New seats, wider rear doors and myriad detail changes are the material differences to report here – a fact that both totally understates how innovative and bold the Model S’s cabin looks and feels even today and also leaves one of two of our original criticisms unanswered.
Tesla’s right-hand drive conversion is flawless, consisting of a wide, centrally positioned brake pedal and a perfectly placed and broadly adjustable steering column.
The aura of material quality has improved a little, its leathers and plastics being notably better than they were. But the crowning glories remain the crystal-clear digital instruments and, moreover, the 17.0in colour display, which is angled slightly towards you as part of the asymmetrical sweep of the cockpit.
The screen’s functions run beyond the scope of most infotainment systems; everything from the headlight and sunroof controls to the standard-fit web browser is incorporated. Finding the menu you need can be tricky at first, but it quickly becomes easy once you’re used to the shortcut buttons.
Tesla’s technophile approach to the car business wouldn’t work without a generous equipment level here.
Sure enough, the car’s stunning 17in tablet-style touchscreen infotainment display is backed up by 3G internet connectivity and wi-fi as standard — with a full-screen web browser visible even while the vehicle is in motion — as well as an AM/FM/DAB radio, internet radio, European navigation, voice control, Bluetooth media streaming and two USB inputs.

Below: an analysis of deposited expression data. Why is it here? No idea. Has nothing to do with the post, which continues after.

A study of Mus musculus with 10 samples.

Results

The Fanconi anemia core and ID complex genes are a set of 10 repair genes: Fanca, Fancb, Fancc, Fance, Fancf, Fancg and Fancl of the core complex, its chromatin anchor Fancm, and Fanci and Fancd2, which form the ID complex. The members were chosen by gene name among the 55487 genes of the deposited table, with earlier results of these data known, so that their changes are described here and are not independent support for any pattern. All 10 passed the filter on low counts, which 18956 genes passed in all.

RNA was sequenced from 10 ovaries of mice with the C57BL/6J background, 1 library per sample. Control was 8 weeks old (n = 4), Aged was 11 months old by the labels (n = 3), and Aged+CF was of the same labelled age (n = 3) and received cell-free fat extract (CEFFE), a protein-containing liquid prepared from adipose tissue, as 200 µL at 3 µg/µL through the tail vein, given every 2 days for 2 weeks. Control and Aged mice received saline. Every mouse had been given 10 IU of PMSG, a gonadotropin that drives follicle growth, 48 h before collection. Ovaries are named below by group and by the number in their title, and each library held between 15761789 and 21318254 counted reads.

Frankly, you couldn’t really want or expect more in the way of entertainment or communication options. The web browser is somewhat limited by the speed of your data connection, and because the navigation relies on the same data connection to refresh mapping data, it can refresh a little slowly at times when expanded into full-screen mode.
Most of the time, though, the navigation display is clear and fantastically easy to use, thanks to sophisticated touchscreen controls and intuitive programming tools.
Tesla’s 12-speaker premium audio system was an option that our test car didn’t have, but the standard set-up is powerful and clear enough not to sound in need of an upgrade.
Our test car did without the rear-facing jump seats fitted to our 2013 example, making it a five-seater only – and a decently spacious one.
For the money, you can buy more accommodating passenger cars, the Model S coming up to mid-size saloon standards on space and yet costing more than most equivalent full-size limos.
That said, there’s more than enough room for larger adults in the back, and the combined luggage capacity of the front and rear boot compartments would be enough to rival almost any estate car or SUV you care to mention.
Tesla has yet to get a proper grip on the thorny nettle of adequate oddment storage. There are still no door bins, there’s no centre console storage bin, and there’s only a flat, slim cubby at the base of the centre stack that tends to empty its contents over the cabin floor under acceleration.
They’re the kinds of failings that can be remedied in a car mid-cycle, and in the convenience-conscious United States we’d imagine there’s plenty of pressure on the company to address them. Still, given how busy Tesla has been on other fronts, few would complain.